Tuesday, October 28, 2003

I doubt this bill will ever get out of committee, or be signed by Herr Ziffel if if comes to that, but a pair of influential legislators in California have finally put the NCAA's feet to the fire by introducing a bill that would forbid colleges in the Golden State from obeying regulations mandating amateurism for student-athletes. It's always amazed me the amount of newsprint that gets wasted on investigating whether some booster gives a campus superstar a loaner to drive around town, and perhaps some spending money for dates and such, as if it were a sin to receive something that wouldn't even raise an eyebrow if the beneficiary weren't a college athlete. Colleges rake in hundreds of millions a year on sports, but they seem to think that the producers of that wealth should get nothing. And now they are upset that some lawmakers have a problem with that.

At this point, the usual arguments get tossed out. Hey, those athletes don't get nothing--they get a scholarship, a free "education". Well, that's assuming that after practicing forty hours a week they still have time to go to class, hit the library, and cram for tests, and that's not even counting time spent eating, sleeping, recuperating from injuries, dating, going on road trips, etc. Besides, walk-ons, who by definition don't receive scholarships, don't get paid either. And students in other activities, such as theatre and music, get scholarships as well, but no one forbids them from making money on the side. Oh, and did I mention that athletes in some conferences, such as the Ivy League, don't even receive that.

But what about the notion that the role of college is to educate, and that sports isn't important enough to honor those who play it well? OK, then maybe colleges should only give scholarships to athletes on an at-need basis, and then only to those jocks with superlative academic qualifications. And then after that, those schools should be forced to give all of the money received from the Final Four and the BCS Championship to the school's general fund, rather than letting the school's athletic department keep it. Schools don't act like sports are an unimportant cultural activity, perhaps because the rest of society doesn't view them that way, either.

But, er, what about the importance of amateurism, the tradition of athletes playing for dear old alma mater, rather than for manna? Jeez, the Olympics barely care about that anymore, or didn't you notice that college basketball players got pushed aside a few years back for the Dream Teams. Amateurism has always been a way in which the powerful could assert their dominion over those without power, and the NCAA is the mechanism in which they enforce that leverage. In college sports, amateurism now exists partly because of tradition, but mostly to preserve competitive balance; it was imposed in the late-19th Century to prevent schools with wealthy alumni, such as Harvard, Yale, Princeton, et al., from buying championships. And in any event, would it really be so terrible if Duke and Stanford were able to lure top athletes to those campuses, where they would actually have to go to class and earn good grades to remain eligible.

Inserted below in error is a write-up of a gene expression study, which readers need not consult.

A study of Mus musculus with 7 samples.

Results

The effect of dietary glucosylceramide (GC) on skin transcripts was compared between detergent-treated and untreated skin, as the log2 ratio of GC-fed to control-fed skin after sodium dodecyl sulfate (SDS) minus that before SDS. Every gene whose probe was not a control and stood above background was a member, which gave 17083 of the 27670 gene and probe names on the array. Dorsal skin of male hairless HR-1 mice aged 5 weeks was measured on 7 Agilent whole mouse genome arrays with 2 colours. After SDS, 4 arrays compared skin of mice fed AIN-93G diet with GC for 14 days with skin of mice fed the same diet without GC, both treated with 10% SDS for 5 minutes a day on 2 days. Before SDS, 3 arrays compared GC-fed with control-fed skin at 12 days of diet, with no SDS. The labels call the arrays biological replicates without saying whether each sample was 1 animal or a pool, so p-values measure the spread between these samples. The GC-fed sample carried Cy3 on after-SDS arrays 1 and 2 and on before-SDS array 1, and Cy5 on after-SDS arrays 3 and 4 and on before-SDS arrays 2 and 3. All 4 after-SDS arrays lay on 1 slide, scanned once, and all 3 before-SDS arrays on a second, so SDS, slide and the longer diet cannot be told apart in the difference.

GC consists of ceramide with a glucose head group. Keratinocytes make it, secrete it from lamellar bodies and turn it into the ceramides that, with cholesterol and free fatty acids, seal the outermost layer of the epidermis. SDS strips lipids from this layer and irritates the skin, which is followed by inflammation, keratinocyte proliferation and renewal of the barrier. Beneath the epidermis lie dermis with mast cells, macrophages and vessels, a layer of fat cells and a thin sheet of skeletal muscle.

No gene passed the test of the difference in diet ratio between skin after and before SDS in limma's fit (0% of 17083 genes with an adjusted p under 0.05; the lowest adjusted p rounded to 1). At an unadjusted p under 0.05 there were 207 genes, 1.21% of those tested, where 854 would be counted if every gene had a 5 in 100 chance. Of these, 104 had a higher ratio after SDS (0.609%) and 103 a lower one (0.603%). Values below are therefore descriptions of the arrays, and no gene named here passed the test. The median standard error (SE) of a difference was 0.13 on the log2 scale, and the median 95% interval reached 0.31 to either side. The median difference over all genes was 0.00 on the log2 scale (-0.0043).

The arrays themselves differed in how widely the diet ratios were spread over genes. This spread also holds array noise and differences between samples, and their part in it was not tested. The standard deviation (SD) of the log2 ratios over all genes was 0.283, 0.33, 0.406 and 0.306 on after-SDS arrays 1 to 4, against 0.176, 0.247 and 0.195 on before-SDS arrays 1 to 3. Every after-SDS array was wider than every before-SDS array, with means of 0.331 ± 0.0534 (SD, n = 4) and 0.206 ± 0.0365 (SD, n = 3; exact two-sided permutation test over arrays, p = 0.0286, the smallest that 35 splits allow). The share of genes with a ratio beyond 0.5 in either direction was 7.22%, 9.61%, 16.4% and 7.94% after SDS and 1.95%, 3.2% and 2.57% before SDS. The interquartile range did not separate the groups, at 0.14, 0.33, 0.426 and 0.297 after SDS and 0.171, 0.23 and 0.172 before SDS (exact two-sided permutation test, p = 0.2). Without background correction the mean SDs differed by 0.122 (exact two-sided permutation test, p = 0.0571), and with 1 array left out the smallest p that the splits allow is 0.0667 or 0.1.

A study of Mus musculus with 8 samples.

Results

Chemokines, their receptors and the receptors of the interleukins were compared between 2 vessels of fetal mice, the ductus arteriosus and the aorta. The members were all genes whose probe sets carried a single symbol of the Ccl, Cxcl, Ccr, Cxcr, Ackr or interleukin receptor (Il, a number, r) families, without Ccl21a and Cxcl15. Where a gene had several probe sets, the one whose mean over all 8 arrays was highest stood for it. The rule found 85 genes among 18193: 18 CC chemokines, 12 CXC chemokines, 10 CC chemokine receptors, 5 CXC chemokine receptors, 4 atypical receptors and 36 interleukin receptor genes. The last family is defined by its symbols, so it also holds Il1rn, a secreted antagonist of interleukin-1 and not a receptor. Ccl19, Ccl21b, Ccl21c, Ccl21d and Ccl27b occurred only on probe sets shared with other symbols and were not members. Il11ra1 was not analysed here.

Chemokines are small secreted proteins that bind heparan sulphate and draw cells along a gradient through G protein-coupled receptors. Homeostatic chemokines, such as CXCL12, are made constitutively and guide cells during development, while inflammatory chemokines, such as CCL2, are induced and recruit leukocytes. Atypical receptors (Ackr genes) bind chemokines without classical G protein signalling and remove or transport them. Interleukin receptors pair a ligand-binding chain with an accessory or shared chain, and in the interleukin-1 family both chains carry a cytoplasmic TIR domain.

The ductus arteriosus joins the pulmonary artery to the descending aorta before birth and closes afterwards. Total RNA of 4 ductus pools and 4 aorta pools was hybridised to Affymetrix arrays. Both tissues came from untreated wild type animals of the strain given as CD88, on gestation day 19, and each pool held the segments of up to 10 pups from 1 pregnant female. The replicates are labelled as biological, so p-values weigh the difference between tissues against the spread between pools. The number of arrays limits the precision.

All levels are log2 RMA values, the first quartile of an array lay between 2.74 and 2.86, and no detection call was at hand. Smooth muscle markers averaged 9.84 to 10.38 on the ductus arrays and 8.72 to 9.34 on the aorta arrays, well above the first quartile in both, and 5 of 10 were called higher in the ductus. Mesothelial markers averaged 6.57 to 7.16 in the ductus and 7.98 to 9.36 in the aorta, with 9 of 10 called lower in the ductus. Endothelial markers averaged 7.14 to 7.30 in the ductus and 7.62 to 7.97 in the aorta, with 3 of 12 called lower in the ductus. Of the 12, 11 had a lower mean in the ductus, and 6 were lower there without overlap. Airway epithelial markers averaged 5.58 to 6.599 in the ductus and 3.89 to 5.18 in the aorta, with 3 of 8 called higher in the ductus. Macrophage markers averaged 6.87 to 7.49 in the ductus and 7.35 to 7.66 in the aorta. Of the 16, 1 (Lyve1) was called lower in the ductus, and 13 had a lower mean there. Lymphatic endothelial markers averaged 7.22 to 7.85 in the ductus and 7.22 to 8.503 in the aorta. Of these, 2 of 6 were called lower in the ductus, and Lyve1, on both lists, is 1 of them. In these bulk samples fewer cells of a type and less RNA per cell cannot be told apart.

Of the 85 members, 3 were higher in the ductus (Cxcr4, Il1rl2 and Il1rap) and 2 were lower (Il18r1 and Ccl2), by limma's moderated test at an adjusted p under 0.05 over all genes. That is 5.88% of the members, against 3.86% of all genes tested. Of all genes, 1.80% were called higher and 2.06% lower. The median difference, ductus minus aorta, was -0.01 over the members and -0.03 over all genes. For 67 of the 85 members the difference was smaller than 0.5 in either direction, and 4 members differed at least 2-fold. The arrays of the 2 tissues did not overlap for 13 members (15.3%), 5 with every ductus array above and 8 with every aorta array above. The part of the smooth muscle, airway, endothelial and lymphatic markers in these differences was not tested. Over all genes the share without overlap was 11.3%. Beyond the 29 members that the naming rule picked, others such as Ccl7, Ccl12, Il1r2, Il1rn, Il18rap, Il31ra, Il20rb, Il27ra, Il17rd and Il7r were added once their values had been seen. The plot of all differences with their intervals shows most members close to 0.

That the NCAA is still allowed to keep its talent in serfdom into the 21st Century is idiotic. Athletes long ago quit caring about whether they obey every little malum prohibitum regulation the school imposes on them; they take the money that's offered them under the table, and if it's not enough, they turn pro. It can hardly add to the prestige of our educational system that so many top high school basketball players no longer care what their SAT scores are, since the NBA beckons, or that pro teams now view seniors entering into the draft as being reclamation projects, inferior to the real talent coming out of high school (or Europe). So let a thousand boosters bloom !!!